The World Health Organisation (WHO) has urged countries across the globe to continue vaccinating and testing their populations for Covid-19 despite a decline in cases.
Zimbabwe has as of June 1, 2022, recorded a total of 252 874 confirmed cases, including 244 560 recoveries and 5 507 deaths. A total of 6 231 190 people received their Covid-19 first doses while the figure for the fully vaccinated stands at over 4, 5 million.
“Reported cases and deaths from Covid-19 continue to decline globally, although this trend should be interpreted with caution because many countries have reduced the number of tests they do, which in turn reduces the number of cases they find,” said WHO director-general Dr Tedros Adhanom Ghebreyesus while briefing the media Wednesday.
“And we do see concerning trends in several regions. Reported cases and deaths are increasing in the Americas, while deaths are also increasing in the Western Pacific region and in Africa.”
The WHO chief said there were no indications yet that the pandemic could be over anytime soon.
“Once again, the pandemic is not over,” emphasized Ghebreyesus.
“We continue to call on all countries to maintain testing and sequencing services, to give us a clearer picture of where the virus is spreading, and how it’s changing. And we call on all countries to vaccinate all health workers, older people, and other at-risk groups.”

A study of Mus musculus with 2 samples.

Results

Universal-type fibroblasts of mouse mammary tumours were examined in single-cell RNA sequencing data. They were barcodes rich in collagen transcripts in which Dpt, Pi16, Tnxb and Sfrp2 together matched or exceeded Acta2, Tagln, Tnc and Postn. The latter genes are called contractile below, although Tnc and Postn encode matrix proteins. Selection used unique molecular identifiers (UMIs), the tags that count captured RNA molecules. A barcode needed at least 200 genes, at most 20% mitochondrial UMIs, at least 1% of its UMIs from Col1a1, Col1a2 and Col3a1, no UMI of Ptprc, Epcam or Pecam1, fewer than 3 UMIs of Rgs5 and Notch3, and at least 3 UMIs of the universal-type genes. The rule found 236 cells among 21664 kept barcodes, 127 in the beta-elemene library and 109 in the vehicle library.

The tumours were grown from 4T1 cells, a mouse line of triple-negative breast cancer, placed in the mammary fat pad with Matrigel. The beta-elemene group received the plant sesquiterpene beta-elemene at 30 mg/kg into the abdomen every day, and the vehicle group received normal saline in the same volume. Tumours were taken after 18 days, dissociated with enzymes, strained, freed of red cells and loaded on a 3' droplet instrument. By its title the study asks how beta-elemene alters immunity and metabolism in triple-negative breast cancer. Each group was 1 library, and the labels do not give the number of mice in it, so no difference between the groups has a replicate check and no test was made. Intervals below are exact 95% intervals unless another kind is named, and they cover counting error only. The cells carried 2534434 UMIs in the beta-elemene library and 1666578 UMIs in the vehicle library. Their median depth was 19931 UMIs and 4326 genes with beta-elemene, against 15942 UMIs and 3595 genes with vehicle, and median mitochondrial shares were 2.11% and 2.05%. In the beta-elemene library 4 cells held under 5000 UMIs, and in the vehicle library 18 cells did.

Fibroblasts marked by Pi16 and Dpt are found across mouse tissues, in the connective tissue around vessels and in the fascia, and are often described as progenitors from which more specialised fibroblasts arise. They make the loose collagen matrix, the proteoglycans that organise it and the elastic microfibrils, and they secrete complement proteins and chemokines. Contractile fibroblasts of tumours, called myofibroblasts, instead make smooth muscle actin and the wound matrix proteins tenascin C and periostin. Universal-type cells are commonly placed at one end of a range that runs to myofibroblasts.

Meanwhile, more than 550 confirmed cases of monkeypox have now been reported to WHO, from 30 countries that are not endemic to the virus.
“Investigations are ongoing, but the sudden appearance of monkeypox in many countries at the same time suggests there may have been undetected transmission for some time,” said Ghebreyesus.
“So far, most cases have been reported among men who have sex with men presenting with symptoms at sexual health clinics. These communities are working hard to inform their members about the risks of monkeypox and prevent transmission. But all of us must work hard to fight stigma, which is not just wrong, it could also prevent infected individuals from seeking care, making it harder to stop transmission.”
The global health authority, Ghebreyesus said, was urging affected countries to widen their surveillance, to look for cases in the broader community.
“Anyone can be infected with monkeypox if they have close physical contact with someone else who is infected,” said the WHO chief.
“The situation is evolving, and we expect that more cases will continue to be found.
It’s important to remember that generally, monkeypox symptoms resolve on their own, but can be severe in some cases. WHO continues to receive updates on the status of ongoing monkeypox outbreaks in the countries in Africa where the virus is endemic.”